There is a brouhaha over the Notre Dame mascot, the leprechaun with his dukes up.
An opinion poll has found it to be offensive. Notre Dame is defending its pugilistic leprechaun.
The Ancient Order of Hibernians reckons the fight needs to be taken somewhere else. The order's Anti-Defamation Chair, Neil Cosgrove, is leading the charge in this respect and against what he contends is a manufactured tempest in a teapot.
"It is with a mixture of disbelief and despondency that we read today headlines 'Notre Dame leprechaun considered offensive, according to survey' in multiple newspapers and media outlets," said Cosgrove in reference to a string of recent reports..
"This media-manufactured controversy stems from a poll conducted by a T-Shirt printing company that allegedly concluded that the Notre Dame Leprechaun logo and the nickname of 'Fighting Irish' are offensive."
Cosgrove said that the AOH cannot help but question why major news outlets have suddenly bestowed upon Quality Logo Products Inc. of Aurora, Illinois, the gravitas of the Gallup poll.
Continued Cosgrove: "It is also noteworthy that Notre Dame finished fourth in the survey, yet it is the focus of the headlines. When has 4th place ever accorded such notoriety?
"Sadly, this 'controversy' seems to have more to do with a strategy by some media outlets to prioritize titillating headlines over the story's substance (or lack thereof) to garner mouse clicks, retweets, and shares than any actual outcry of offense.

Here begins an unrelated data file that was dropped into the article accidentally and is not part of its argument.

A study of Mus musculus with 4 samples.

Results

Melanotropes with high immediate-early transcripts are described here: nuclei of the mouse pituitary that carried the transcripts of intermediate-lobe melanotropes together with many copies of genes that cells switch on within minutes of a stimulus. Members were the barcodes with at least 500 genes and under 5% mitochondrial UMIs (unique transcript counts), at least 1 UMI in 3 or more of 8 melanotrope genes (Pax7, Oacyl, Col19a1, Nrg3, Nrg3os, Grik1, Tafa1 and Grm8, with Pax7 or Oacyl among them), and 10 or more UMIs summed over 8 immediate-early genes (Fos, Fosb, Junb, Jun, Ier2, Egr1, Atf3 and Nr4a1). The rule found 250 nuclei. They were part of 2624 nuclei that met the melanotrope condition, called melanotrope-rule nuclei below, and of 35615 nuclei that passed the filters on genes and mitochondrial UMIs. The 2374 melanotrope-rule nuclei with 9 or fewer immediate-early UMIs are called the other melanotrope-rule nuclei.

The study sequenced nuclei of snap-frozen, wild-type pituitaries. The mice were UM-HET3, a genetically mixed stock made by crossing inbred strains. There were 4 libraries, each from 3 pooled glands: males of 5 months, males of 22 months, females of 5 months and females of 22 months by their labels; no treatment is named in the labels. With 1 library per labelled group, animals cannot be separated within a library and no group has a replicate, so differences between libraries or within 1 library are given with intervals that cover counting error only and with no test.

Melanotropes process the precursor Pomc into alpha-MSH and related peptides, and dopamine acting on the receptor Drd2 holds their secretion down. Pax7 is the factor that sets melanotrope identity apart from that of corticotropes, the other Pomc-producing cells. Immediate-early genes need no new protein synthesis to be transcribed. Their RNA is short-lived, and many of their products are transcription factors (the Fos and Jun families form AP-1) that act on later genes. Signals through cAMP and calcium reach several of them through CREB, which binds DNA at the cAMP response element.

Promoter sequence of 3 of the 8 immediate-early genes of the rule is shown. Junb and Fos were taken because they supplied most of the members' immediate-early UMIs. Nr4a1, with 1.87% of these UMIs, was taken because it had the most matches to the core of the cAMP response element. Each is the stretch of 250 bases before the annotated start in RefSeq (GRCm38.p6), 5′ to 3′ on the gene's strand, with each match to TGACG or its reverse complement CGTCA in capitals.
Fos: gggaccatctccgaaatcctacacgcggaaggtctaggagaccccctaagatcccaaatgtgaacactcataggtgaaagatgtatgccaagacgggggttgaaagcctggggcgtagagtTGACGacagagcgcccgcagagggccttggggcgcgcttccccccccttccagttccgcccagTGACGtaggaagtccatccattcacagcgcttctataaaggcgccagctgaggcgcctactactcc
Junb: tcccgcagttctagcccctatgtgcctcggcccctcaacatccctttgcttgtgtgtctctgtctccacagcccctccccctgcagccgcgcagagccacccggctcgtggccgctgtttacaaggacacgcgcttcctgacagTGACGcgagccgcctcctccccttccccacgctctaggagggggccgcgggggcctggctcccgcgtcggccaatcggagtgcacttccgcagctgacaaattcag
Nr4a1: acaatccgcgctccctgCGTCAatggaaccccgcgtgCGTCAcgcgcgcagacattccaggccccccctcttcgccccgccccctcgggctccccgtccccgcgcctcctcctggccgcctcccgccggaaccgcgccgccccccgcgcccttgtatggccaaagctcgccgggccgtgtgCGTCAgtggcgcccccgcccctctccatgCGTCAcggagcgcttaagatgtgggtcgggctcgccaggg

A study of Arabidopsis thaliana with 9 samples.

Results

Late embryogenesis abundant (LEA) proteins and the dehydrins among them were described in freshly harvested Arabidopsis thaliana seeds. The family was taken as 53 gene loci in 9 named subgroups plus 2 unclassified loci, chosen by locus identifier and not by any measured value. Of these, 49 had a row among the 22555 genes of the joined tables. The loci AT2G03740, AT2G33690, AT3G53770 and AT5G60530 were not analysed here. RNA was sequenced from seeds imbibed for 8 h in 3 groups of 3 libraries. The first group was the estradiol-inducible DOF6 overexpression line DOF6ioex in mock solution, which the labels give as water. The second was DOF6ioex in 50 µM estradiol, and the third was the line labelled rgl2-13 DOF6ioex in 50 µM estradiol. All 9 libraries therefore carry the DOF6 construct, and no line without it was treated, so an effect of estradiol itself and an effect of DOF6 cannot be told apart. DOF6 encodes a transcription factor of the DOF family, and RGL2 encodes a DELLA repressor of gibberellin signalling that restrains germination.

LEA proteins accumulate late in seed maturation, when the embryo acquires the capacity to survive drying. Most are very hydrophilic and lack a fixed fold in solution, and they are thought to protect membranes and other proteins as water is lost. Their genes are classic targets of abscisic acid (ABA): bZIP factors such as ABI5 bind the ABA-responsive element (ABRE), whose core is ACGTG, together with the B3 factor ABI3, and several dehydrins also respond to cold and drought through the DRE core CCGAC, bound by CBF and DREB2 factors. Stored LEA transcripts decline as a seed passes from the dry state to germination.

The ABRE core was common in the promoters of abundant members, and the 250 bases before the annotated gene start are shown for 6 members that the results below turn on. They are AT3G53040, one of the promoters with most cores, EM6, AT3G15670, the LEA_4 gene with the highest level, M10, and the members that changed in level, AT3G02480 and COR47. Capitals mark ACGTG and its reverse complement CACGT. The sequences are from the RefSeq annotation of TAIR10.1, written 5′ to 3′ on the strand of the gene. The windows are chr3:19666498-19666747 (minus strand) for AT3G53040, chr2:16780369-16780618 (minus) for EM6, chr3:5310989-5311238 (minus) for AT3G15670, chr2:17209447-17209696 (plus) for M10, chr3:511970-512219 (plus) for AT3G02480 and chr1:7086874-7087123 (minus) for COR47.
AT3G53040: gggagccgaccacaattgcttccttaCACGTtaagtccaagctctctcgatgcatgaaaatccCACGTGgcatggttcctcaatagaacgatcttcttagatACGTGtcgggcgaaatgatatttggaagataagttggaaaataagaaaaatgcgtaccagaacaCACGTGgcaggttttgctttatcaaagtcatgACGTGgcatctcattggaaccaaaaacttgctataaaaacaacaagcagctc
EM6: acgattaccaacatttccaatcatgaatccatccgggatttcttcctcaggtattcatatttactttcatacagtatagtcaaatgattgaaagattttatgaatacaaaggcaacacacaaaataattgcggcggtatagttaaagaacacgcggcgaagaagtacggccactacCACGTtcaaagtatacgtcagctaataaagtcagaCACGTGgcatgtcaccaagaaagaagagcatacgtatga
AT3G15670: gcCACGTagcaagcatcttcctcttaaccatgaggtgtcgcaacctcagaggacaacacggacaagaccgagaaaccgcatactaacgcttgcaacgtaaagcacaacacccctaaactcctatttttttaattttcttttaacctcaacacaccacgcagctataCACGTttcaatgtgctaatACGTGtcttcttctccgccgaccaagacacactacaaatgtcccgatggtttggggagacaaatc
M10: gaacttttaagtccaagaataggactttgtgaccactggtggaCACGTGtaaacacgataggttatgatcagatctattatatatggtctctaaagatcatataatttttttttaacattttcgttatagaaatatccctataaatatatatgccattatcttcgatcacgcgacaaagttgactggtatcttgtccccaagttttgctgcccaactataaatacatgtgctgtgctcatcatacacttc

"Sadly, it appears that some seek to weaponize the Notre Dame Leprechaun as part of the continuing debate over team names and mascots. Lost on these misguided individuals is that unlike depictions of Native Americans, the Leprechaun is a mythical creature, not an alleged archetype of a group of real human beings.
"The Leprechaun is a beloved figure of Irish folk law, not history. As to the sobriquet 'the Fighting Irish,' most accounts trace it back to the early days of Notre Dame's sports program when anti-Catholic sentiment in America was high. The fight against such hate is a fight well worth fighting, then and now, and it is a nickname to be proud of."
Concluded Cosgrove: "It is disappointing that the media is chasing offenses concerning Notre Dame as illusory as the Leprechauns crock of gold while ignoring the clearly defaming items that can be bought at Amazon and other retailers; items with phrases such as 'Irish Today, Hung Over Tomorrow' or 'Kiss Me I'm Irish, Drunk or Whatever.'
"Those items are truly offensive, no survey from Quality Logo Products Inc. needed."